This time of year, I think we are all focused on keeping hydrated. As the heat raises so does our thirst, which is a good thing. Our bodies are 65 percent water; proper hydration flushes out toxins, keeps the memory sharp, aids in digestion, lubricates our joints and keeps the body from overheating.
The old advice of eight 8 ounce a day is not really what is commonly recommended today. In 2004, the Institute of Medicine, developed new guidelines for water consumption for healthy adults. Women should aim for 91 ounces (about 2.7 liters) per day and men should aim for 125 ounces (about 3.7 liters) per day. This is the total water from all beverages (even coffee) and foods. Typically, 20 to 25 percent of the water you consume comes from the foods you eat.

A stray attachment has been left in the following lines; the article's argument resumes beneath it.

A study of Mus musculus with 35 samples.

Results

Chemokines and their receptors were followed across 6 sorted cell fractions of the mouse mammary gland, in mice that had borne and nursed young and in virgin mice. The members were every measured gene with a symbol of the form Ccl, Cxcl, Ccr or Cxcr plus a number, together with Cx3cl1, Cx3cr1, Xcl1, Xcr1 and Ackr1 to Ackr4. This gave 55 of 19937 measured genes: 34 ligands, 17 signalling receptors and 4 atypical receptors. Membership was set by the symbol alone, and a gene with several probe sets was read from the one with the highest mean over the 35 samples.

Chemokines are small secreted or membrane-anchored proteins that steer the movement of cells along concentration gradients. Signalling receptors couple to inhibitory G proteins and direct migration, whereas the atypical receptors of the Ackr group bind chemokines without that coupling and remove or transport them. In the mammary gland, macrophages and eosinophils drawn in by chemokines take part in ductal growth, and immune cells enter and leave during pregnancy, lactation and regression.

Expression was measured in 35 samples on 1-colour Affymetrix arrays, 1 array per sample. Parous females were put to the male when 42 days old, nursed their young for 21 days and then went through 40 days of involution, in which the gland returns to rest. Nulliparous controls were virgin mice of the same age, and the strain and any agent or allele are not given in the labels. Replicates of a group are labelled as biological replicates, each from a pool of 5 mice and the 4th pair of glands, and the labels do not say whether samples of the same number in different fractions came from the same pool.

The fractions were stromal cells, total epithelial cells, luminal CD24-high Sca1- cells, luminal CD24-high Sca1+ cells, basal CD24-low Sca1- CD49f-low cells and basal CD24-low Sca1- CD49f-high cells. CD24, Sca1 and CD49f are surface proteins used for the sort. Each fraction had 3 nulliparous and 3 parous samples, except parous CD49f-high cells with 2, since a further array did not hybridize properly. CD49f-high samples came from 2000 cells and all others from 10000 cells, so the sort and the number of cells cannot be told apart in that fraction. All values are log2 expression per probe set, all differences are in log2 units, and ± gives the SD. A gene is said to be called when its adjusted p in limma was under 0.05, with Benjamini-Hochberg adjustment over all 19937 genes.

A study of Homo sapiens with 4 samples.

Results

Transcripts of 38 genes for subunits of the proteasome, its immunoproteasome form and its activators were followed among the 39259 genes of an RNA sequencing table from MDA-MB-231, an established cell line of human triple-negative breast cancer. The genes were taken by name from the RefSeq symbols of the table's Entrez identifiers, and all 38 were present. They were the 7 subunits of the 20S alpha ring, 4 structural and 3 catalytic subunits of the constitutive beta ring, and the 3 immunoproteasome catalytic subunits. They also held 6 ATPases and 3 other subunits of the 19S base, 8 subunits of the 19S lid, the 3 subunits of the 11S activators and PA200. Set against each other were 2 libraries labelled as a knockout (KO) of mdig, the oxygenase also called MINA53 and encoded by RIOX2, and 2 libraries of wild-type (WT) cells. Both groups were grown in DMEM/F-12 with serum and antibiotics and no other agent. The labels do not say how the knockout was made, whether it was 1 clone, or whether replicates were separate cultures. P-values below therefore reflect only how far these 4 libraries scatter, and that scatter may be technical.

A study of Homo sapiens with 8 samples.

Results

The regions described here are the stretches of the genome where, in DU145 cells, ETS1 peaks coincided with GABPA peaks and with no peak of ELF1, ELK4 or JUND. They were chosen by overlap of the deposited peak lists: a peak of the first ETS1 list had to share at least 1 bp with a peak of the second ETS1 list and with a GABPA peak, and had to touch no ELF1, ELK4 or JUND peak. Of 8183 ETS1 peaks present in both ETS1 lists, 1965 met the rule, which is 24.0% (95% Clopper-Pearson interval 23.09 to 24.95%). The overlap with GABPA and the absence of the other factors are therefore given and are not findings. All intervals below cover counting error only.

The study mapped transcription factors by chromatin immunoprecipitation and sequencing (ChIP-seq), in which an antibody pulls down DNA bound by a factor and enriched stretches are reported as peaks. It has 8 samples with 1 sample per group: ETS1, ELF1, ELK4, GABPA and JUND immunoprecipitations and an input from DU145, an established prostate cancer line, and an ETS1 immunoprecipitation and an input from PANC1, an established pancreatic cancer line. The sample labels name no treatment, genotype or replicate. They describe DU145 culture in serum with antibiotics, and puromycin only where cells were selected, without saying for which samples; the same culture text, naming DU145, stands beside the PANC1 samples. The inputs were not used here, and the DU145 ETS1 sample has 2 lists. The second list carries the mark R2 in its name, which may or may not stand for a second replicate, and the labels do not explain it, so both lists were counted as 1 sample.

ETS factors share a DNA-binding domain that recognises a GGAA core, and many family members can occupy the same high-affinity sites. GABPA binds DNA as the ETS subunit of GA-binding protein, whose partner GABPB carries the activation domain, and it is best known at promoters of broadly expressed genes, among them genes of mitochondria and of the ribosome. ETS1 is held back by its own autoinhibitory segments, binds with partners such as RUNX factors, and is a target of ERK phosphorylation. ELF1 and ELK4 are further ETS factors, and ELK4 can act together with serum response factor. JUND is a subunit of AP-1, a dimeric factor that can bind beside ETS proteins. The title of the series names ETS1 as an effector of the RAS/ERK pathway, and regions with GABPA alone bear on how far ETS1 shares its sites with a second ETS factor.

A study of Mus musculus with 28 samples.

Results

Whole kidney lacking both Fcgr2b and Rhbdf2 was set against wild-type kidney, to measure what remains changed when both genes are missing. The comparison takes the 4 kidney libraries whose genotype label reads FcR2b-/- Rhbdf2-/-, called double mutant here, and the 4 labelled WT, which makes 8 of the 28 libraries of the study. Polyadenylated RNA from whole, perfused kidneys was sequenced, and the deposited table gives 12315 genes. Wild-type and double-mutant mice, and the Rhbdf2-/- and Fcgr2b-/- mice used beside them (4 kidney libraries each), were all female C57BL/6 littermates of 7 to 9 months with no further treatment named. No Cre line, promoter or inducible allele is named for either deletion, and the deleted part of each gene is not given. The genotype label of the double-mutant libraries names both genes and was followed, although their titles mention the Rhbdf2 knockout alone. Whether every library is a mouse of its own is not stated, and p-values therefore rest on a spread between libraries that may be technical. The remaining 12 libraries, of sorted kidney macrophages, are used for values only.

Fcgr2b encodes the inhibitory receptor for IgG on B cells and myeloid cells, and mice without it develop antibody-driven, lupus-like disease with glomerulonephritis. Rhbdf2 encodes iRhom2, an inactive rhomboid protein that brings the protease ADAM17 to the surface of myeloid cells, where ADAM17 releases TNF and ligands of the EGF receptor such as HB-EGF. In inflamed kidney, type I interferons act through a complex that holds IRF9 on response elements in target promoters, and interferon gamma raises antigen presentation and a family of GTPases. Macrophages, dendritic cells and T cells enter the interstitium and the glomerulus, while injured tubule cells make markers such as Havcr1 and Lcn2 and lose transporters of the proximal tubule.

Let thirst be your guide. The kidneys balance and regulate our water requirements, so we take in and retain as much fluid as the body needs. It is easy to gauge how well hydrated we are by simply looking at our urine. It should be fairly clear and if it is not, you need to drink more water. Also, take in to account some medications and foods will affect urine color.
Tips to Increase Water Intake:
- Keep track of how much water you drink a day. Just the fact that you are keeping track of how much water you drink will remind you to drink more.
- Carry a water bottle with you on the go. Just having water by your side will remind you to drink.
- At night, prepare water for the next day. If it is easy to grab, you will be more likely to bring it with you.
- Make flavored waters with lemons, limes, oranges, mint or cucumber. Get creative.
- Recently, I have been flavoring a liter size bottle of water with one sliced apple and a cinnamon stick and I let it steep over night.